I bought a wrecker car and the back drivers side wheel was where the damage was. We replaced the half shaft, control arm and sway bar. The car went to a shop before we got it and they popped a whole in the sideskirts next to the jack stand hole. They stuck a metal plate on the backside and pulled it out because it was pushed in from the crash. After replacing all of those parts we realized that the wheel was still turned in. We've come to the conclusion that it's either a tweak in the frame or we need to pull the side skirt out more. My car has adjustable trailing arms but with the trailing arm extended as far is it can be, it still doesn't make the wheel straight. Do you think it's the frame or does the side just need to be pulled out more? Or what else could it be?
Thanks
 


p.s- your missing a wheel lug.
 

I payed 8500 for a 98 M3 with 51486 miles. I have everythin on the car paid for except whatever gettin the frame is gonna cost for 10000. The frame guy gave an estimate of 200 at most for somethin as minor as this is. A lil over 10 grand for a 98 M3 with 50000 miles. Not too shabby? It still blue books for 26, and 30 percent gets taken off because it's a wrecker. So I still have it put together for ALOT less than it books for. And I get the new bumper on it, which is a big plus to me. And all the parts i replaced were replaced with better aftermarket ones! You think I got a good deal?
 

Are you going by how the wheel looks in comparison to the body, or are you looking at alignment specs? If the body paneling of the car isn't perfect, you can't simply eyeball the rear wheel with any certainty.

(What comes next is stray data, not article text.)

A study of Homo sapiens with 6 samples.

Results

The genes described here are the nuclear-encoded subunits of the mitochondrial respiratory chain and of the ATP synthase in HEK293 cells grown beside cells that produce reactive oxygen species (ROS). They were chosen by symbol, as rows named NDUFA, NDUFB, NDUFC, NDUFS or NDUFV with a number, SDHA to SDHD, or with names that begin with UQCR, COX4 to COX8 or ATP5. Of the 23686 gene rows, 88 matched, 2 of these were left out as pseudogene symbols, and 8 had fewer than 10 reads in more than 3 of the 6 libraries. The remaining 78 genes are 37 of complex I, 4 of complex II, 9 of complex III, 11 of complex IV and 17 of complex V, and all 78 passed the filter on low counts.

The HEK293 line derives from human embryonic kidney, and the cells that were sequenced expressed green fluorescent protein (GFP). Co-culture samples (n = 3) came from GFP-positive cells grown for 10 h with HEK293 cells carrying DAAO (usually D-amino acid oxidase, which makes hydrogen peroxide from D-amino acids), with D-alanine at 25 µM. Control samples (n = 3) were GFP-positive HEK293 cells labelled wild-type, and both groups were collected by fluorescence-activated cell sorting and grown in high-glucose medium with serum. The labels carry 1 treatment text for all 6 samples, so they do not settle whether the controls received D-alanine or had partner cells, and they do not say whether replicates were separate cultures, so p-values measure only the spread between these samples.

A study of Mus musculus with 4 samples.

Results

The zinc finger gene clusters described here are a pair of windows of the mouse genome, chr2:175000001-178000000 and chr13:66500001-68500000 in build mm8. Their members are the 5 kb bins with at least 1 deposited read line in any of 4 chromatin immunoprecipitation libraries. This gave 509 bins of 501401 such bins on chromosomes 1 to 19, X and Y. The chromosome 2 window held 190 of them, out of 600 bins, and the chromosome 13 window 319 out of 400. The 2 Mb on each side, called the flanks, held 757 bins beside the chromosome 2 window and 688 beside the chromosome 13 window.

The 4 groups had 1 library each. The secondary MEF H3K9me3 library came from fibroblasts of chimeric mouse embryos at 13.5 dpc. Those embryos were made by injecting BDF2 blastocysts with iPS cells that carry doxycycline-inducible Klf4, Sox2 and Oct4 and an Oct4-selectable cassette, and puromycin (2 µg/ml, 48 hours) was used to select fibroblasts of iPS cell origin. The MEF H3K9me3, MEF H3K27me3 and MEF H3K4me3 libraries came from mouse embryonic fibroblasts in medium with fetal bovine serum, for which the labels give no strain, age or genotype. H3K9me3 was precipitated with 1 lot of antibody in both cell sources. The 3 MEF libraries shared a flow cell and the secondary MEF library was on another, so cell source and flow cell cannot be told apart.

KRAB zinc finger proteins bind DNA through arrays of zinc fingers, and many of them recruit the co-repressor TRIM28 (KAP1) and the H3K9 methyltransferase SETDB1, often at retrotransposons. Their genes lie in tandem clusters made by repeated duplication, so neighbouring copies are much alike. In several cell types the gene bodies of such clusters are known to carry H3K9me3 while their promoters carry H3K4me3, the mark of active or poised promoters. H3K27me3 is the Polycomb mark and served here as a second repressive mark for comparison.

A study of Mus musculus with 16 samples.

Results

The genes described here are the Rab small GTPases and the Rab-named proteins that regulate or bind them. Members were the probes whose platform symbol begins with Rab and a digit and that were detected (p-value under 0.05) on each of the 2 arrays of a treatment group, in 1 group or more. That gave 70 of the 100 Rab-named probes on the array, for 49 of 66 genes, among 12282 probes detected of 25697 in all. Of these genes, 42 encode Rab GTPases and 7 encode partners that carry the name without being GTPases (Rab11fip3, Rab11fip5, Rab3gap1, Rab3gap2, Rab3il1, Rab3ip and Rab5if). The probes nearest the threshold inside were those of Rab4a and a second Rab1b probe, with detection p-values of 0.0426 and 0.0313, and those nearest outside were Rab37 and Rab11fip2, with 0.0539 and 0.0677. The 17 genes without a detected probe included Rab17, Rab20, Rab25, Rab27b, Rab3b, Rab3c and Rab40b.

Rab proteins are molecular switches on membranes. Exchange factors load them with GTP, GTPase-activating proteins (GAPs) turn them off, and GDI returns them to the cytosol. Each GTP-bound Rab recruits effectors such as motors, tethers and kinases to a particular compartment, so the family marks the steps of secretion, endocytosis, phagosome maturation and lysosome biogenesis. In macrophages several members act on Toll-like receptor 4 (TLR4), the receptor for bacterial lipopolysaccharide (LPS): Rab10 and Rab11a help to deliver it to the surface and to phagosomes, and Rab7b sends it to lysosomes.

The wheel is very noticably turned in. When we have the back up on a jack and let the wheels spin, it wobbles. The alignment is off for sure, I just don't know whether it's a bent trailing arm or if it's a tweak in the frame.
 

The wheel is very noticably turned in. When we have the back up on a jack and let the wheels spin, it wobbles. The alignment is off for sure, I just don't know whether it's a bent trailing arm or if it's a tweak in the frame.
Bent rim? Bearing shot?
 

 

Thanks. I'll rip off the wheel and take a look around again and make sure i get the bearings in right. Do you think the trailing arm is bent? Or should i pay to have the frame checked out?
 

 

That's what i've decided to do. I think why the wheel i spinnin crooked is because where the trailing arm is mounted is pushed in. This would cause the wheel to be tilted in would it not? I've made an appointment for him to come do some simple measurements and if needed i'll take it over to the frame shop as soon as he has time to work on it.